Tactibite Fish Call Net Worth 2022

Tactibite fish call net worth 2022 is an electronic gadget that helps you catch more fish. It uses sounds and vibrations to attract fish in a central area.

Jack Danos, a 15-year-old inventor, invented the product. He partnered with his father Jeff to bring the invention to market via a Kickstarter campaign. They raised $112,573 and have seen a significant boost in sales since their appearance on Shark Tank.

What Happened to Tactibite Fish Call After Shark Tank?

Tactibite Fish Call is an electronic fish attractor that floats and can be thrown into the water. It is designed to attract a variety of different fish using sounds and vibrations.

The company was founded by father and son “fishtrepreneurs” Jeff and Jack Danos in September 2016. They were initially looking to get $150,000 for a 10% stake in their business.

During the show, the sharks were all very impressed with the product and Jeff shared that they had sold products worth $330,000 in just five months before coming to the show.

They also revealed that they had $500,000 worth of inventory in stock. This was impressive as they had not expected the demand for their product to be so strong.

The Sharks agreed with their valuation and offered them $150,000 for a 10% stake in the company. This corresponded to a $1.5 million value. They accepted the offer and began marketing their product. Since then, Tactibite Fish Call has gone on to make $2 million in sales, much higher than the original $750,000 that they were expecting.

Did Tactibite Fish Call Get a Deal on the Shark Tank?

The Tactibite Fish Call is a new product that was invented by a father and son duo. The device is used by fishermen to attract fish and increase their catches. It works by generating sounds and vibrations, which lure fish to the surface.

Originally, the fish call was designed to catch freshwater species but it has been successful in attracting fish to salt water as well. The product uses “tactile transducers,” which are speakers that are mounted on a hard surface to produce noises and vibrations.

Jack and Jeff Danos, who are both 17 years old, went on Shark Tank to pitch their invention. They were looking for an investment of $150,000 in exchange for 10% of the business.

During the pitch, they showed off their product and explained how it worked. It has a variety of sounds that can be used to attract different fish, including the ‘Scared Shrimp’ sound for saltwater and the ‘Rattle Battle’ sound for freshwater. They also showed that their device is able to operate for over 20 hours on a set of batteries.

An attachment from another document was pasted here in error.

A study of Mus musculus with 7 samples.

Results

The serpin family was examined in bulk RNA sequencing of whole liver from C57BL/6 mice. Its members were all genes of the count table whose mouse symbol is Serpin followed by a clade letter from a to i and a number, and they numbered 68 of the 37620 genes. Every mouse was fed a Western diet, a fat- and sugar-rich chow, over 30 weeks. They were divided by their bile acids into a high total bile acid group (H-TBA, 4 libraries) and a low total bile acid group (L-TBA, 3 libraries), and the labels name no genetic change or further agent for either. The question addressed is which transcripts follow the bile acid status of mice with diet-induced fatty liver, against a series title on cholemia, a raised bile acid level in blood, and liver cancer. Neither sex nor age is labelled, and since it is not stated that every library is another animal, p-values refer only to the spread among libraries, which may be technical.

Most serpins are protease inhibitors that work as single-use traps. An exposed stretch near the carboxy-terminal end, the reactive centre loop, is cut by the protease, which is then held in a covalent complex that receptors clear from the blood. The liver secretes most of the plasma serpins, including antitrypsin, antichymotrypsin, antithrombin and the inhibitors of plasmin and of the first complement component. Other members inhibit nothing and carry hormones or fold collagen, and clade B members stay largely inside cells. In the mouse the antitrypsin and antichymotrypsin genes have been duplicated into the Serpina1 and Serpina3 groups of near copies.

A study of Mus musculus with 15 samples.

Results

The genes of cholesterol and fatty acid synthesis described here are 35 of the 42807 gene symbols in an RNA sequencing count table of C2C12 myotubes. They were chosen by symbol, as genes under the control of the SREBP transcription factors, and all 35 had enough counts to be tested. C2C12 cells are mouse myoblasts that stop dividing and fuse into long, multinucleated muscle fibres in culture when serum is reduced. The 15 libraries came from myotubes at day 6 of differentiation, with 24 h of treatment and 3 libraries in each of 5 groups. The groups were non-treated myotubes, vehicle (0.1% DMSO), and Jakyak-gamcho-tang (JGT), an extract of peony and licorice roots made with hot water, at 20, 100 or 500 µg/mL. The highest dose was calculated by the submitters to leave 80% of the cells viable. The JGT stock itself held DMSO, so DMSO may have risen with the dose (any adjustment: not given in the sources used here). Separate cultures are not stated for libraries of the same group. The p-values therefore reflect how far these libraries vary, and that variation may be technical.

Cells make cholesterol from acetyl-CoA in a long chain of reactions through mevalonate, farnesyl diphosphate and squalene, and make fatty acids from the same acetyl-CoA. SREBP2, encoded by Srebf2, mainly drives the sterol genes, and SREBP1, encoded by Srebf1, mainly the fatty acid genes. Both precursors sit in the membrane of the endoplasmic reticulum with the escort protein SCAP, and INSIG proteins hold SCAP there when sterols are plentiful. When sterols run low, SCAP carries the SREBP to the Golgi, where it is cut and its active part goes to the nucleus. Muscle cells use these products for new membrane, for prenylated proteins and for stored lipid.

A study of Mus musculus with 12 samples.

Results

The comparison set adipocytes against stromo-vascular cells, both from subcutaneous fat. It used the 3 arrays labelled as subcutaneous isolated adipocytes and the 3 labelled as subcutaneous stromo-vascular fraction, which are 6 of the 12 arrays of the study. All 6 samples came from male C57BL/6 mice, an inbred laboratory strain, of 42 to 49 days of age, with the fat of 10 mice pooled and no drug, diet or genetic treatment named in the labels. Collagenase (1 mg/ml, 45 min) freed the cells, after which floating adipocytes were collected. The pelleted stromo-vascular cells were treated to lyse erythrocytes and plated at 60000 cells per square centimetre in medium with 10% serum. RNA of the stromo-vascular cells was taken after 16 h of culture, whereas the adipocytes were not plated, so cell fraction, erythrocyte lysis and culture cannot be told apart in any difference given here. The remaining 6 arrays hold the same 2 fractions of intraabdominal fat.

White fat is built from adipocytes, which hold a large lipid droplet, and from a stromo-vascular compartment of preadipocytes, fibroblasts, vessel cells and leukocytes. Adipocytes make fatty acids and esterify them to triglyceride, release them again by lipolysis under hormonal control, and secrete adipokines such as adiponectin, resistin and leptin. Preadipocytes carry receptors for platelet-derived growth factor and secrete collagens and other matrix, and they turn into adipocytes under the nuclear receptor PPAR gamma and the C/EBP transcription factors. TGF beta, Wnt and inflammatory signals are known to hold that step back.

Tactibite Fish Call was featured on the show Shark Tank in September 2016. The company was founded by Jeff Danos and his son Jack.

During their episode on Shark Tank, Robert Herjavec labeled young Jack as possibly the smartest 17-year-old he’s ever seen. He also credited Jack and his father for tackling a large problem that many fishermen struggle with.

The product was designed by Jack when he was just 15 years old, and it was brought to market after they launched a Kickstarter campaign that raised $112,573.

Tactibite Fish Call attracts fish by emitting sounds that mimic their natural feeding calls. The device uses a hydrophone to pick up the sound and then amplifies it through a speaker. It’s effective in both fresh and salt water, and it can be used for a variety of fish, including bass, catfish, crappie, hybrid bass, pike, salmon, bluegill, and yellowtail.

What is Tactibite Fish Call?

Tactibite fish call is an electronic gadget that is designed to help fishermen catch more fish. Its secret is “tactile transducers,” which are speakers mounted to a hard surface that emit vibrations. Toss it into the water and it’ll send out vibrations that mimic the sounds of feeding fish.

Unlike other fishing gadgets that people may think are gimmicks, the Tactibite fish call is completely safe for both humans and fish to use. It’s also environmentally friendly.

Jack Danos created the product when he was 15 years old with the help of a 3D printer. Together with his father, Jeff Danos, he launched a Kickstarter campaign that raised $112,573 and brought the product to market.

During Shark Tank, Jack and his dad requested an investment of $150k for 10% equity in their business. Robert Herjavec offered them exactly that amount and negotiated a deal for them.